Words Every PR Pro Should Know
This post is cross-posted from FW PRSA member, Lauren Fernandez’s blog.
There are many words that every public relations professional should know. Below are four that I think you should never leave home without – preferably in a cool Johnny Bravo lunch pail.
I’ve heard many say that a PR pro is only as good as their next pitch. But how do you get there? How do you make sure that your message is being heard; that the right outlets and correct beat reporters are receiving your pitch? You prepare and plan. Media plans are an effective tool when outlining your course of action. My media plans to detail this way.
- What type of outlets I’m pitching (National Radio, Local TV, blogs, etc)
- How I’m doing it (Pitch, Media Alert, etc.)
- Angle I’m taking
- 3 points I can touch on if I connect with a reporter
Media plans should also include your follow-up time, and if applicable, what you plan to do after the event occurs. Being prepared to pitch a press release is important as well. You will, at best, have 30 seconds to hook a reporter. If it is filled with ‘uhms’ and stammers, the likelyhood that a reporter will continue to listen to you is pretty non-existent. You don’t sound prepared or knowledgeable, and a reporter views you as their first source and connection to a possible story. If they have a hard time with you, that will cast the first impression on your client. Even if it’s a great story, if you can’t get it out, it means nothing.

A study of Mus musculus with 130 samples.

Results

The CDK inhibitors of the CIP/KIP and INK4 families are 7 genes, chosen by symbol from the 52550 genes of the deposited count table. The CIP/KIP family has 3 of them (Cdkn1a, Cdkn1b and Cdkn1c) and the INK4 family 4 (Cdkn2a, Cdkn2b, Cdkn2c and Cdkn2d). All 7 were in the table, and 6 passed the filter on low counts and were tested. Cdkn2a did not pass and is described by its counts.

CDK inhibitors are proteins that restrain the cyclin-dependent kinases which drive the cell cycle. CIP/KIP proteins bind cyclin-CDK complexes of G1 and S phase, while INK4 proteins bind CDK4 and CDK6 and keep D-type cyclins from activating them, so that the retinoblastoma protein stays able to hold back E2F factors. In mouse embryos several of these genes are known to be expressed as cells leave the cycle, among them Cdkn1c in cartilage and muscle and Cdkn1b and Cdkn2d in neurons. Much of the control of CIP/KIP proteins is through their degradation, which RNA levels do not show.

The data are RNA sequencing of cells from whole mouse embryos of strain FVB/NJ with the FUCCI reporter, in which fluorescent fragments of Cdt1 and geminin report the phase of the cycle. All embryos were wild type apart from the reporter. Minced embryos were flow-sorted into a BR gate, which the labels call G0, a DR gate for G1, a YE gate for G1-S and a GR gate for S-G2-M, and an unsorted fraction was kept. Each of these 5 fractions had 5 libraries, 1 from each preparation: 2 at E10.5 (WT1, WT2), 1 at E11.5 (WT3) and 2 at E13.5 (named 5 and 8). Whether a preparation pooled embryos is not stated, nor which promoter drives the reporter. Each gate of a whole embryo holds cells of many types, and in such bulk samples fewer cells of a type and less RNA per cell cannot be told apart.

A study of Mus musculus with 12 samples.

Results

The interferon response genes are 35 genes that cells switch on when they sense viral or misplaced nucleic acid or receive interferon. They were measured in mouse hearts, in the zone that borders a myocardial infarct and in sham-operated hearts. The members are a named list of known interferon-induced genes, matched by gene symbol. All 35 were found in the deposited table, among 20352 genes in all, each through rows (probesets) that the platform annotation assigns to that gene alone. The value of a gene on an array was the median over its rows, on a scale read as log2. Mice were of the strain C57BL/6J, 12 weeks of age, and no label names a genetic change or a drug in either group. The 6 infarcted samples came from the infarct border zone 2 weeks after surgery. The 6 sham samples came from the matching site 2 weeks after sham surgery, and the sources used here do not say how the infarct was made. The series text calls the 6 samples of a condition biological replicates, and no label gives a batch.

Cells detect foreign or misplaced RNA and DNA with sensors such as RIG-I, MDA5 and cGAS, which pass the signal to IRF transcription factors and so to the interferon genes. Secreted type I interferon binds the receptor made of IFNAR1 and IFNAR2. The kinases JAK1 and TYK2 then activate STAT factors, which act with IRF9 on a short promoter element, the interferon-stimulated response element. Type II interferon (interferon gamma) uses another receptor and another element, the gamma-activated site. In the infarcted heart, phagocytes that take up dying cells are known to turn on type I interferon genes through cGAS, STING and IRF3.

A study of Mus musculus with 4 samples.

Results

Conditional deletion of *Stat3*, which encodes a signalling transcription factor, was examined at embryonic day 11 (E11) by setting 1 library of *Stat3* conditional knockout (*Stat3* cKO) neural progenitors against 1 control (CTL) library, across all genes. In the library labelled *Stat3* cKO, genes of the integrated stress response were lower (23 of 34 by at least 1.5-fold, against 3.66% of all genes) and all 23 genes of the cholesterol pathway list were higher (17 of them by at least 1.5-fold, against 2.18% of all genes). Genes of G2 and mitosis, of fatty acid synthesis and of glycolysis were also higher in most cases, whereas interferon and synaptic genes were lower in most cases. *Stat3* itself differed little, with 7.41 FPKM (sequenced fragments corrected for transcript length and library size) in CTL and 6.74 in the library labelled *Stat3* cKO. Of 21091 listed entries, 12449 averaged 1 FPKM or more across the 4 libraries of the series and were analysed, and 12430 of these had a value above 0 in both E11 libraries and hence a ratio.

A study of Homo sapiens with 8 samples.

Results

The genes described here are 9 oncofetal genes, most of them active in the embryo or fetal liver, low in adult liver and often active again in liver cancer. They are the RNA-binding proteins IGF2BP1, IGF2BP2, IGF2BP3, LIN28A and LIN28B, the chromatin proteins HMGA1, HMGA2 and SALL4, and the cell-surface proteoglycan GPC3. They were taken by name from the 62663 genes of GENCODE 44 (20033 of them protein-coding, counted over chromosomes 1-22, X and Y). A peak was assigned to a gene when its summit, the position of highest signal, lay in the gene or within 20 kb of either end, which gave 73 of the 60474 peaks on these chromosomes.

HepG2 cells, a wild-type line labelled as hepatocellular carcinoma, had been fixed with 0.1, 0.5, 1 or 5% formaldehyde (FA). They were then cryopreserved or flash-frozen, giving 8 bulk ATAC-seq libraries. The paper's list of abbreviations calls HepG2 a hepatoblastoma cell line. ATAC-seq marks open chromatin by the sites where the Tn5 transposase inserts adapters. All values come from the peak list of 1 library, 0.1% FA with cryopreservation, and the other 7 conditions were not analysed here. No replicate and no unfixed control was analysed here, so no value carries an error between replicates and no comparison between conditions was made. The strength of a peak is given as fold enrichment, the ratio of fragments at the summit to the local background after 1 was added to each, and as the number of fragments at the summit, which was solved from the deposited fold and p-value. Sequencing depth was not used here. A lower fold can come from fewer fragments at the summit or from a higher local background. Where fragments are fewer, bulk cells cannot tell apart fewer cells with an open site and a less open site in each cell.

The best laid out plans need to be consistently evaluated throughout the process. You need to be able to demonstrate value by setting benchmarks and continuously measuring the impact. If it’s not working, change it. A media plan is not set in stone. A reporter hates the idea? Maybe you are pitching the wrong beat. You aren’t gaining any traction? It could be because you’re not hitting the target audience appropriately. If you continiously evaluate your success and learn from the failures, your plan will go consistently smoother and shows that you can project manage efficiently.
The two most important skills (in my opinion) for a PR pro to have are writing and research. Writing should be concise and tight, and get straight to the point. Remember the 30 second rule? You need to be able to grab a reporter’s attention in the first two sentences. I joke that PR pros have to be ADD because they are constantly switching projects or getting new ideas, and reporters are no different – I had a reporter friend that said unless they can see me sitting in front of them in a cute dress and smiling, they probably will have an image of me in their head as a robot talking/writing to them. If your writing doesn’t follow the basic principles (yes, including AP Style) you will be viewed as incompetent by the reporter. It doesn’t matter if you have the best hook in the world – if it isn’t written well and tight, you might as well forget getting a placement.
It seems to be a no brainer, but you have to exude confidence in your professional role. You are the expert. You know the client well and should be passionate about the topic. If you are nervous, a reporter will pick up on that. They will probably ask you harder questions and try to find the “juicy juice” because they think you might slip. Before you pitch a reporter, practice. Write down a few sentences, or opening lines, on your computer to refer to when you’re on the phone. Bullet some key points to hit on. Practice in front of the mirror. Pull a co-worker aside and have them fire questions at you. Send a news release to someone who has no link to the company and ask them if they would be interested in reading a story on it. This will give you the confidence that you can pitch a release and have a great story for a reporter to pick up on.
So, what words do you never leave home without?